Perhaps an obsession with quality since J.D. Power and Associates rankings and the like have come to dominate our perception of brands have made many marketers forget that most consumers don’t expect them to be perfect—just responsive.

Speaking at Nielsen Business Media’s Next Big Idea Conference, evp of strategic services at Nielsen Online Pete Blackshaw focused his remarks on brand intelligence as he explained how companies can “defensively” market their stuff by turning negative trends in the marketplace to their advantage. Blackshaw noted the surge in the blog traffic surrounding consumer crises such as the Mattel toy and pet-food recalls are opportunities for brands to have a touch-point with consumers. “What do you do with a spike of negative buzz?” he asked. “Are you accountable for the solution?”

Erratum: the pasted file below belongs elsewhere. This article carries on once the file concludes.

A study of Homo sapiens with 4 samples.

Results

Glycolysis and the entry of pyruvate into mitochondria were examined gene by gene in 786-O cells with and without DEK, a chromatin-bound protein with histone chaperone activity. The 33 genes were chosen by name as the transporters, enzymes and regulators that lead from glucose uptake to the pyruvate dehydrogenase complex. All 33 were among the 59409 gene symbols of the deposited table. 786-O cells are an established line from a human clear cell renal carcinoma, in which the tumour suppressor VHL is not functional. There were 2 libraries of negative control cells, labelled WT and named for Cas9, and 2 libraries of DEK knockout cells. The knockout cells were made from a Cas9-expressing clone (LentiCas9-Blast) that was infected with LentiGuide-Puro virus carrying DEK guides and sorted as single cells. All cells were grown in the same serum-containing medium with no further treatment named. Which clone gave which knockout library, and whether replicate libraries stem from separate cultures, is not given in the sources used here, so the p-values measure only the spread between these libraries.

The problem here is that the first call from CEOs at a time of crisis is usually to the lawyers. If a PR person is consulted, that person seldom has as much throw-weight as the lawyers. And what do lawyers do? They play defense and say No a lot.

Companies, said Blackburn, should learn to “manage around the spikes, listen, react” and move money out of mass media and into online channels—putting more resources into such strategies as buying defensive keyword searches.

I Googled “tainted pet food” today, and there were no sponsored links. I Googled “lead paint” and there were no pro-active hits from toy companies. An interesting sponsored link that came up when I Googled “Mattel” was a story on www.portfolio.com about Mattel’s mea culpa about design flaws leading to lead paint being used on its toys, rather than blaming barely-existent Chinese consumer-safety regulations and enforcement. “Put as much energy into the angry buzz as fostering the happy buzz,” says Blackshaw.

In my experience, consumers are pretty responsive to companies and brands who engage, especially when there is a problem.